Case Brief Wiki


D, operators of a fleet of motor coaches, agreed to purchase a piece of land from P who operated a service station on adjacent premises. The sale was made subject to a supplemental agreement that D would purchase all of the petrol required for their business from P “at a price to be agreed by the parties in writing and from time to time.” The supplemental agreement contained an arbitration clause to this effect. D agreed and for three years, obtained all of their petrol from P. However, D then attempted through their solicitor to repudiate the supplemental agreement on the grounds that no fixed price had been stated for the petrol and this rendered the contract invalid. In return, P sought a declaration that the agreement was binding and an injunction to prevent D from purchasing their petrol elsewhere. At the trial level, the court decided in favour of P and at the court of appeal, this decision was sustained.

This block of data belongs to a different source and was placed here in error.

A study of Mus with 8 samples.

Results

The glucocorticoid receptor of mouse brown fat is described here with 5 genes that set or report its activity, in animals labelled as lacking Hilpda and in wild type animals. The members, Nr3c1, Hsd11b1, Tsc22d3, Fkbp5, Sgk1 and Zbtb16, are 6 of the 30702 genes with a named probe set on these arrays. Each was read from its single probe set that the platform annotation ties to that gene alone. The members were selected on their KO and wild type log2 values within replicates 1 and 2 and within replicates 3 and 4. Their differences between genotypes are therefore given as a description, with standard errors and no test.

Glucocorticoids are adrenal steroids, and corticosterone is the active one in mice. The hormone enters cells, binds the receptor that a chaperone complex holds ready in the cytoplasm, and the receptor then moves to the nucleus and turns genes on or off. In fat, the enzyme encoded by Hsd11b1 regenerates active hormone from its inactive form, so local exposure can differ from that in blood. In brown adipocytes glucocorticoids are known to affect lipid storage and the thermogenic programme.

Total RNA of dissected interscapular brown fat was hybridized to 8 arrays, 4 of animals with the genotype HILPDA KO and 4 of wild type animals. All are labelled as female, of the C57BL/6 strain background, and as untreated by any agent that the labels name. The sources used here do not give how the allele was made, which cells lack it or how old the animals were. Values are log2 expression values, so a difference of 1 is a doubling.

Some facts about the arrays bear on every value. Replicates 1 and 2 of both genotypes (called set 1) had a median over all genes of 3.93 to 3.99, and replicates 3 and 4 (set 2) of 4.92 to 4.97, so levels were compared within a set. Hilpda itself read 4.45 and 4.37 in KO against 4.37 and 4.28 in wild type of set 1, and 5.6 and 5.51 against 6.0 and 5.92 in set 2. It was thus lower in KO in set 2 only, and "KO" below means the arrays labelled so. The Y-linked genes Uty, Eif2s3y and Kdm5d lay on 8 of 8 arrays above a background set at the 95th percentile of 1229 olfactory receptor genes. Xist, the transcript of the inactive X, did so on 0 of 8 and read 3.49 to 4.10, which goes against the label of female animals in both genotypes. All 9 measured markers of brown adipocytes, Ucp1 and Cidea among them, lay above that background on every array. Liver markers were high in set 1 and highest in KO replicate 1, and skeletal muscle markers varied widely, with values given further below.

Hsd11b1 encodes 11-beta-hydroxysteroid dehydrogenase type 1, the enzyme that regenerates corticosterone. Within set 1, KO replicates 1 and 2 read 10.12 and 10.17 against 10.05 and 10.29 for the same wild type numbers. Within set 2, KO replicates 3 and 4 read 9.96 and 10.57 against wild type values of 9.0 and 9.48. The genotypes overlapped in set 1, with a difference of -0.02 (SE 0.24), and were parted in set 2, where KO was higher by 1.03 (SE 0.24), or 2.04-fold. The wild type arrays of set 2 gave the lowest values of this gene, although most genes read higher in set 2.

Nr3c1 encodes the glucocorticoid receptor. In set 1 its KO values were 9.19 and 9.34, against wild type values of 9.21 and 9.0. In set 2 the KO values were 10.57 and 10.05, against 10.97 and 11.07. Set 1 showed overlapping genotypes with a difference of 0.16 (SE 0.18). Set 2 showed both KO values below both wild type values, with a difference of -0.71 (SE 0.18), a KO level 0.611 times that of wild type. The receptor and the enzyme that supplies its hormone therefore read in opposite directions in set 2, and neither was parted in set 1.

1. Does the fact that no price is quoted mean that the contract was void for uncertainty?


Appeal dismissed.


Scrutton states that there was a binding contract. He struggles to fit together the precedents of May & Butcher Ltd. v R and Hillas & Co., Ltd. v Arcos, Ltd. (1932). Holding that each of these cases was decided on the facts, he notes that the two parties acted for three years as if there was a contract, so Classique Coaches cannot simply decide not to adhere to it all of a sudden. Further, if there was an issue with the price it should have been settled by arbitration as was laid out in the contract – Classique breached the contract by going to other vendors.


  • An agreement to make an agreement does not constitute a contract.
  • The wrongful repudiation of a contract by one party relieves the other party from the performance of any conditions of the contract.
  • Past performance will indicate that a contract is binding (reliance interest).